Whether in real life or in a movie, most of us have seen people being executed with the electric chair, an emotional and traumatic scene. But what exactly is the history behind the electric chair?
In 1881, Alfred Southwick (a professor at the University of Buffalo school of dental medicine, now known as the State University of New York at Buffalo) conceived the idea of electrical execution when he heard the story of an intoxicated man who touched a live electric generator. Given that the man died so quickly, Southwick concluded that electricity could be used as an alternative to hanging for executions. His first application for this phenomenon was to help invent a way to euthanize (mercy killing) stray dogs at the Buffalo SPCA but within a year he was publishing his ideas on using this method for capital punishment in scientific journals.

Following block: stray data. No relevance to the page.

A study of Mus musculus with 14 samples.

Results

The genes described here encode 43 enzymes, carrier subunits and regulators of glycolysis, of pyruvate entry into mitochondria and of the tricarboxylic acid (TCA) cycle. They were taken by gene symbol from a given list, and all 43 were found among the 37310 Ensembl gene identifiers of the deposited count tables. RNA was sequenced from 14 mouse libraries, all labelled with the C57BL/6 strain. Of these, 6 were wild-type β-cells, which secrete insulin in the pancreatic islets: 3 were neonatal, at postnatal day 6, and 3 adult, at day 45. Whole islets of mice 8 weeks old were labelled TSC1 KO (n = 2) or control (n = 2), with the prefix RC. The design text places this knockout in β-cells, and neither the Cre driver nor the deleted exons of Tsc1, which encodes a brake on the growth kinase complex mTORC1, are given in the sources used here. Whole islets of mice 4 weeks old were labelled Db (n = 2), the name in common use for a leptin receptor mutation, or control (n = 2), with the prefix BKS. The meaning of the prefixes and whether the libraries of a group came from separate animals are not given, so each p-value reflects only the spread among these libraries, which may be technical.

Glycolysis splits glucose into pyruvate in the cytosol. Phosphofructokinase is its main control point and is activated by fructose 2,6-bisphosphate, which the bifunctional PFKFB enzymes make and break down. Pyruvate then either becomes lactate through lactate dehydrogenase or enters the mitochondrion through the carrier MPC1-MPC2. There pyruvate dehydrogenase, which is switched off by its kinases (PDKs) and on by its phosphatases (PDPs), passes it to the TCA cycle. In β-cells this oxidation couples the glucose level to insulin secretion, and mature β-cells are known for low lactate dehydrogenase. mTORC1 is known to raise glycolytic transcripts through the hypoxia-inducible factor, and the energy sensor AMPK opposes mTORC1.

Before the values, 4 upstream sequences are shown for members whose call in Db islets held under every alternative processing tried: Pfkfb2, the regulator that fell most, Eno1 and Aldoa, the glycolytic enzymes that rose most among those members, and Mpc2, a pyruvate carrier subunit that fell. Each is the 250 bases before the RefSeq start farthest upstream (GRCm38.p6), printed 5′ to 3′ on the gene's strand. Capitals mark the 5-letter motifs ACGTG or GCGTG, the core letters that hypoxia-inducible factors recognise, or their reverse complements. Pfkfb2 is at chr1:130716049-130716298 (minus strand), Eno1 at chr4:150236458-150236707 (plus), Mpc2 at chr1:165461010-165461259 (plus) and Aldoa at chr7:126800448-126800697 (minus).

As Southwick was a dentist who was accustomed to performing procedures on subjects in chairs, his device for electrical execution appeared in the form of an “electric chair.” After a series of botched hangings in the United States there was mounting criticism of this form of capital punishment and the death penalty in general.
In 1886 newly elected New York State governor David B. Hill set up a three-member death penalty commission to find a more humane form of execution. The committee included Southwick, human rights advocate and reformer Elbridge Thomas Gerry, and New York lawyer and politician Matthew Hale. They explored many forms of execution and in 1888 recommended electrocution using Southwick’s electric chair idea with metal conductors attached to the condemned person’s head and feet. Based on their advice the first law allowing the use of electrocution went into effect in New York State on January 1, 1889.
On August 6, 1890, William Kemmler became the first person to be executed by electrocution. Southwick was present and is reported to have said “There is the culmination of ten years work and study! We live in a higher civilization from this day.